Disturbed oxidant/antioxidant status is involved in pathogenesis of anemia in end stage renal disease. There is evidence that vitamin E supplementation can increase blood hemoglobin in chronically hemodialyzed patients. However, the interindividual variation in response to the supplementation has not been fully addressed.
24 chronically hemodialyzed patients were supplemented with vitamin E (400 IU/day) in a period of two months. They had already been treated with erythropoiesis stimulating agents (ESA) and iron on a long-term basis, which was continued during the study period. A group of 20 healthy volunteers served as control subjects. Complete blood count, general biochemistry assays, the redox status by total thiols, oxidative stress by reactive oxygen metabolites, antioxidant status by biological antioxidant potential, and vitamin E (α- and γ- tocopherol) were measured before the start of supplementation, one month and two months later.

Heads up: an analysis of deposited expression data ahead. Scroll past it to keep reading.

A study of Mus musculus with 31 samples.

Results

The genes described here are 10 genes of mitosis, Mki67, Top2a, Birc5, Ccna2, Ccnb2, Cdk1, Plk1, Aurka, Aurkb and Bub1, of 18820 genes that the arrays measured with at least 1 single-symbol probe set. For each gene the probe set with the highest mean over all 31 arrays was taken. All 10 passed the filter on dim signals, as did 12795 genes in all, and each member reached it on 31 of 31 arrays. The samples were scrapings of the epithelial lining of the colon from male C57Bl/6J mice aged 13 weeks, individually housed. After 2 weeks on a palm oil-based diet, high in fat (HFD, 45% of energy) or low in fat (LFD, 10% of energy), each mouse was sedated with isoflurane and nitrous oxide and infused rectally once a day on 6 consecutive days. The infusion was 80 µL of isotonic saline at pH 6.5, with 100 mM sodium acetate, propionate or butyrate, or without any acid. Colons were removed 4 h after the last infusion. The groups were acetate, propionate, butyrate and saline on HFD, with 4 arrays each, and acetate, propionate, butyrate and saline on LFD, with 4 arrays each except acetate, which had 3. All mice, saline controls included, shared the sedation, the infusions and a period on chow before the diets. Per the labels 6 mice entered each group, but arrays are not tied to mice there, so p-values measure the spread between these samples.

Overall, the vitamin E supplementation did not cause an increase of blood hemoglobin, hematocrit or red blood cells. However, 50 % of the patients with basal blood hemoglobin below 12.0 g/dL (N = 10) responded to the supplementation with its continuous increase. In addition, vitamin E exhibited a slight prooxidant effect only in the subgroup of patients with basal blood hemoglobin of ≥ 12.0 g/dL, two months after the start of supplementation (decreased total thiols: 300 ± 31 vs. 277 ± 36 µmol/L, p < 0.05; increased reactive oxygen metabolites: 183 ± 140 vs. 287 ± 112 CARR U, p > 0.05; decreased biological antioxidant potential: 2278 ± 150 vs. 2171 ± 126 µEq/L, p < 0.025), which coincided with their significantly increased serum α-tocopherol concentrations in comparison to the patients with basal blood hemoglobin below 12.0 g/dL (41.3 ± 7.2 vs. 59.9 ± 19.2 µmol/L, p < 0.025).
When treated with ESA and iron on a long-term basis, the response to the vitamin E supplementation in chronically hemodialyzed patients is largely dependent on their basal blood hemoglobin and serum vitamin E concentrations.